Release Date: 06.16.98
Record label: Atlantic
Genre(s): Movies, Film Scores, Musicals, Etc.
by: steve rostkoski
Singer-songwriter Dave Alvin was a founding member of the Blasters, a Los Angeles band that took the energetic bop of rockabilly and infused it with punk rock's aggressive attitude. When I picked up Alvin's latest solo album Blackjack David, I expected Blasters-style slash-and-burn rock 'n' roll. Well, this album is far from the musical firestorm of Alvin's earlier group. It's something even better. Blackjack David is more like a smoldering ember that quietly burns its way into your soul.
The title song sets the album's tone. Alvin gives the ancient traditional folk song an eerie, almost autobiographical feeling as he sings, "Hey, hey lass my name is Dave." Hushed acoustic guitars and the low moan of Alvin's vocals add to the song's already mysterious nature. The lyrics tell the barest of stories. The lass Alvin addresses decides to leave her husband and baby to run away with an enigmatic stranger named Blackjack David. In the end, we learn only that she "lies on the cold, cold ground beside Blackjack David." What happened? Is she so in love with David that she gave up her husband's fine bed to sleep under the stars with him? Or did her husband kill both her and Blackjack in a jealous rage? We never find out.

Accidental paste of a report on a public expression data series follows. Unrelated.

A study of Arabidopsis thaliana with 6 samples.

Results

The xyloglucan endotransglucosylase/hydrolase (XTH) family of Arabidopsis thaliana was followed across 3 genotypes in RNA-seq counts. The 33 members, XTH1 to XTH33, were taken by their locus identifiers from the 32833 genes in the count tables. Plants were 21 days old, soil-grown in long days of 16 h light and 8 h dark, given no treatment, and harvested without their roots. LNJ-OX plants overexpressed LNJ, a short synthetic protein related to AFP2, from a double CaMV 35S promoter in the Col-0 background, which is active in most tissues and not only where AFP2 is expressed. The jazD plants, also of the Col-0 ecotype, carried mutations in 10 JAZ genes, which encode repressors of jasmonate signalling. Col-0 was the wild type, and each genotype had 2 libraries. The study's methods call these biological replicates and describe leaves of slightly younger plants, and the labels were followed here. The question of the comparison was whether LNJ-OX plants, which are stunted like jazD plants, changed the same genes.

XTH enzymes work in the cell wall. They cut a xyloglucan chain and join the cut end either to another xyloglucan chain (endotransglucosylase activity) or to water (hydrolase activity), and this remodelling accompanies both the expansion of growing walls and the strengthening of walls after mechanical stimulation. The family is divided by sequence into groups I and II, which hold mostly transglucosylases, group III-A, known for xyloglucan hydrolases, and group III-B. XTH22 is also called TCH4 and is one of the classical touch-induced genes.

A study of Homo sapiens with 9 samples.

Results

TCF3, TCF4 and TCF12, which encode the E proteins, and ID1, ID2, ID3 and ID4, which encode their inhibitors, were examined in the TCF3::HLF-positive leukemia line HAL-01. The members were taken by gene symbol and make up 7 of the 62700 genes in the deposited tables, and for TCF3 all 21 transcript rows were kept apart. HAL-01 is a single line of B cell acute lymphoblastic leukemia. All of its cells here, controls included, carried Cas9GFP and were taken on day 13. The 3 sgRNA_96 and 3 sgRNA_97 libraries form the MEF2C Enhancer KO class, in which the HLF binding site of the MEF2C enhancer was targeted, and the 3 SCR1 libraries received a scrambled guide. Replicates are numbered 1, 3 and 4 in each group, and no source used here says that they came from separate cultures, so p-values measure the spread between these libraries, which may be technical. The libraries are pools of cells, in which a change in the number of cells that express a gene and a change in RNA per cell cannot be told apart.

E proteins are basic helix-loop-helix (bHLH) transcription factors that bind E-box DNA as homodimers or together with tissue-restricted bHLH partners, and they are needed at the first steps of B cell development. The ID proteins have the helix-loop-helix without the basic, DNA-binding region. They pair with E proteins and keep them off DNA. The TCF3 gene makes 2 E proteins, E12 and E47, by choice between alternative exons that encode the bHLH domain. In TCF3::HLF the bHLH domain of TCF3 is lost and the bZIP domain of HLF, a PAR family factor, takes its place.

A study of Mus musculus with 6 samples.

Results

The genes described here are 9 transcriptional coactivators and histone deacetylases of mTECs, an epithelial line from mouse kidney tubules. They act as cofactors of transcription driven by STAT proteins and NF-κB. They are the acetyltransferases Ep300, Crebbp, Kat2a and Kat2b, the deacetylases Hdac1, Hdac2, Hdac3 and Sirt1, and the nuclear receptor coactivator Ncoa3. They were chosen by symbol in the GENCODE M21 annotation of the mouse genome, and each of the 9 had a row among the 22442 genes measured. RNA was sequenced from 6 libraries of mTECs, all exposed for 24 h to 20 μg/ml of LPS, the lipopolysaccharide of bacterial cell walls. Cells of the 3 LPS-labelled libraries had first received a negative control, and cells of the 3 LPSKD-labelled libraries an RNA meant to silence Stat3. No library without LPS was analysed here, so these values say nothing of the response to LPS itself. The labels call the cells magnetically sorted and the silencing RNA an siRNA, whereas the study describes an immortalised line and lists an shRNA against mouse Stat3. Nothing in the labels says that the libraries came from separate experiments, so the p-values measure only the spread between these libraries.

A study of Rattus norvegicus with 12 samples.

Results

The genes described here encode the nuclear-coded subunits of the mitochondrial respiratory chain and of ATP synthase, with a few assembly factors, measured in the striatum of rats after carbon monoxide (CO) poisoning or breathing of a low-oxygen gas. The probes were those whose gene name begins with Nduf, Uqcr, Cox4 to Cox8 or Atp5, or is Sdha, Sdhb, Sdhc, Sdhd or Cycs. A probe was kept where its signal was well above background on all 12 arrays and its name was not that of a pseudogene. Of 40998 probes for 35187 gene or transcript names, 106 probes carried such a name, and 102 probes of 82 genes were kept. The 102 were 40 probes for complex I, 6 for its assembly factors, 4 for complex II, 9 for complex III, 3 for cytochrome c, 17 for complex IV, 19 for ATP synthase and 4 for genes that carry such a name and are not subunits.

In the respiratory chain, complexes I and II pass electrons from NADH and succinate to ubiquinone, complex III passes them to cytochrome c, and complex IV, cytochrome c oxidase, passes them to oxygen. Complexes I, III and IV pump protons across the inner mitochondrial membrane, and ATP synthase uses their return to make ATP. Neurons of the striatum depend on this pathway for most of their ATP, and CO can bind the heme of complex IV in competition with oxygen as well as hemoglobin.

People looking back on their lives and asking, "what happened?" populate Alvin's songs. In the effortlessly melodic "Abilene," a woman escapes her abusive life by hopping a bus back to Texas. The border patrolman of "California Snow" comes upon an illegal alien couple trying to cross the mountains in the dead of winter and reflects on his own failed marriage. The song "1968" shows a Vietnam War veteran who realizes the hero everyone thinks he is was left behind in the jungle many years ago. And the nasty blues romp "The Way You Say Goodbye," wryly chronicles a crumbling relationship with a dirty laundry list of everything the singer hates about himself and his mate.
Perhaps the most affecting character is in the poignant ballad "From a Kitchen Table." In a recent interview, Alvin commented that Sunday nights represent death to him. Friday nights are full of promise and celebration but as the weekend draws to a close, the realization that nothing has changed sinks in. The man in "Kitchen Table" knows this feeling of desperation all too well. He sits writing a letter to his high school sweetheart, long since gone and married to another man, explaining that he still lives with his mother in the same small town and goes to the same job everyday. A gently strummed acoustic guitar and the surprise entrance of a sweet sounding clarinet mirror the pathos of the simple slice of life story.
So if you want to bring in the weekend by burning up the dancefloor, go seek out a Blasters album. But once Sunday night arrives, if you need someone to commiserate with, put on Dave Alvin's Blackjack David. You'll be in fine company.